Bank of America beats on earnings after record quarters in global banking and wealth management (BI)
"Against modest economic growth of 2 percent, we had one of the strongest quarters in our history. All of our businesses delivered strong results, with several setting new records," Bank of America CEO Brian Moynihan said. "The investments we made to transform how we serve clients produced 500 basis points of operating leverage in the quarter."
Goldman Sachs Reports Surprise Profit Increase (WSJ)
The Wall Street firm reported earnings of $3.95 a share. Analysts had expected $3.39, on average, down from $3.72 a year ago. Revenue of $7.89 billion fell from $7.93 billion in the second quarter of last year, and beat analyst expectations of $7.52 billion. BUT ALSO: Goldman quarterly trading revenues dive 40%
Robotic Hogwash! Artificial Intelligence Will Not Take Over Wall Street (WSJ)
High-frequency systems may get enough examples of changing trading regimes to run on their own, but can’t deploy much capital. Applying machine learning to longer-term investment is tricky when many of the new data sets being deployed only go back a decade or two. Computers with no knowledge of history are doomed to repeat its mistakes.
Citigroup is staffing up for a new center that will unleash robotics throughout the bank (BI)
Citigroup is staffing up for the robotic revolution. The New York-based financial services giant has plastered online jobs boards advertising roles at a new automation center that will deploy new robotic technology throughout the bank.
KKR’s succession plan puts pressure on rivals to follow suit (FT)
KKR thus has become the first among the big listed private equity groups to map out an implicit succession plan, though Jon Gray, the rainmaker of Blackstone’s real estate arm, will clearly follow Steve Schwarzman as head of that company in the future. By contrast, Apollo has yet to figure out a succession plan for the trio at the top there. At Carlyle, the politics are still intense when it comes to replacing Bill Conway who is in charge of that group’s investments, (even though the face of Carlyle is co-founder David Rubenstein).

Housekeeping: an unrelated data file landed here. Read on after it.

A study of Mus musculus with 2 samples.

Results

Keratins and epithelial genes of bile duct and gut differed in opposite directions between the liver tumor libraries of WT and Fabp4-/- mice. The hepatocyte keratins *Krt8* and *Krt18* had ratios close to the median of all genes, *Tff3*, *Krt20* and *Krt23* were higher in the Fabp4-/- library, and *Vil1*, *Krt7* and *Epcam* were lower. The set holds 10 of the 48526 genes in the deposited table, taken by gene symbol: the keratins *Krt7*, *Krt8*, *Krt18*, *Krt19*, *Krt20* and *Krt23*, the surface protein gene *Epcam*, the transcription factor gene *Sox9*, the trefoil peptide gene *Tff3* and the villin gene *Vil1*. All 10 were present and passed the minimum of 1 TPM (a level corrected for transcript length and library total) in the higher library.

In the crypto world, you can get something for nothing (FT Alphaville)
Block.one’s initial coin offering is different. There’s a token, but it can’t actually be used for anything. This is from the FAQs: “The EOS Tokens do not have any rights, uses, purpose, attributes, functionalities or features, express or implied, including, without limitation, any uses, purpose, attributes, functionalities or features on the EOS Platform.” You might want to read that over a couple of times, keeping in mind that investors have spent over $200m buying these “EOS Tokens”.
Can Anyone Bury Bloomberg? (II)
Large-scale shifts in banking and money management – including compressed margins and, correspondingly, shrinking information-service budgets – are causing a mature Bloomberg more pain than copycats ever did. Its terminal count has barely risen over the last five years. And last year, for only the second time in the company's 25-year history, the terminal total shrank.
Please Don’t Text Your Employees at 9 p.m. (NYMag)
In an otherwise fairly innocuous interview with the New York Times last week, Barstool Sports CEO Erika Nardini revealed that she perpetuates one of the many terrible manager behaviors that drive workers to feeling undervalued and overworked. When asked about her hiring process, Nardini said this: “Here’s something I do: If you’re in the process of interviewing with us, I’ll text you about something at 9 p.m. or 11 a.m. on a Sunday just to see how fast you’ll respond.”
Wall Street Profits by Putting Investors in the Slow Lane (David Swensen, NYT op-ed)
Institutional brokers are legally obliged to execute trades on the exchange that offers the most favorable terms for their clients, including the best price and likelihood of executing the trade. The 12 exchanges are supposed to compete to offer the best opportunities. But that’s not what is happening. Instead, brokers routinely take kickbacks, euphemistically referred to as “rebates,” for routing orders to a particular exchange. As a result, the brokers produce worse outcomes for their institutional investor clients.
Investor punched out 18-year-old at ritzy Hamptons bash (PageSix)
The private-equity investor who owns the Southampton mansion featured in the Showtime TV show “Billions” broke a kid’s nose there during a charity fund-raiser for special-needs children, The Post has learned. Michael Loeb, 62, punched out 18-year-old Avery Arjang in a rage after a friend of the teen got drunk and passed out in Loeb’s garage, Arjang claims. “Michael was furious because this kind of ruined his event,” he said.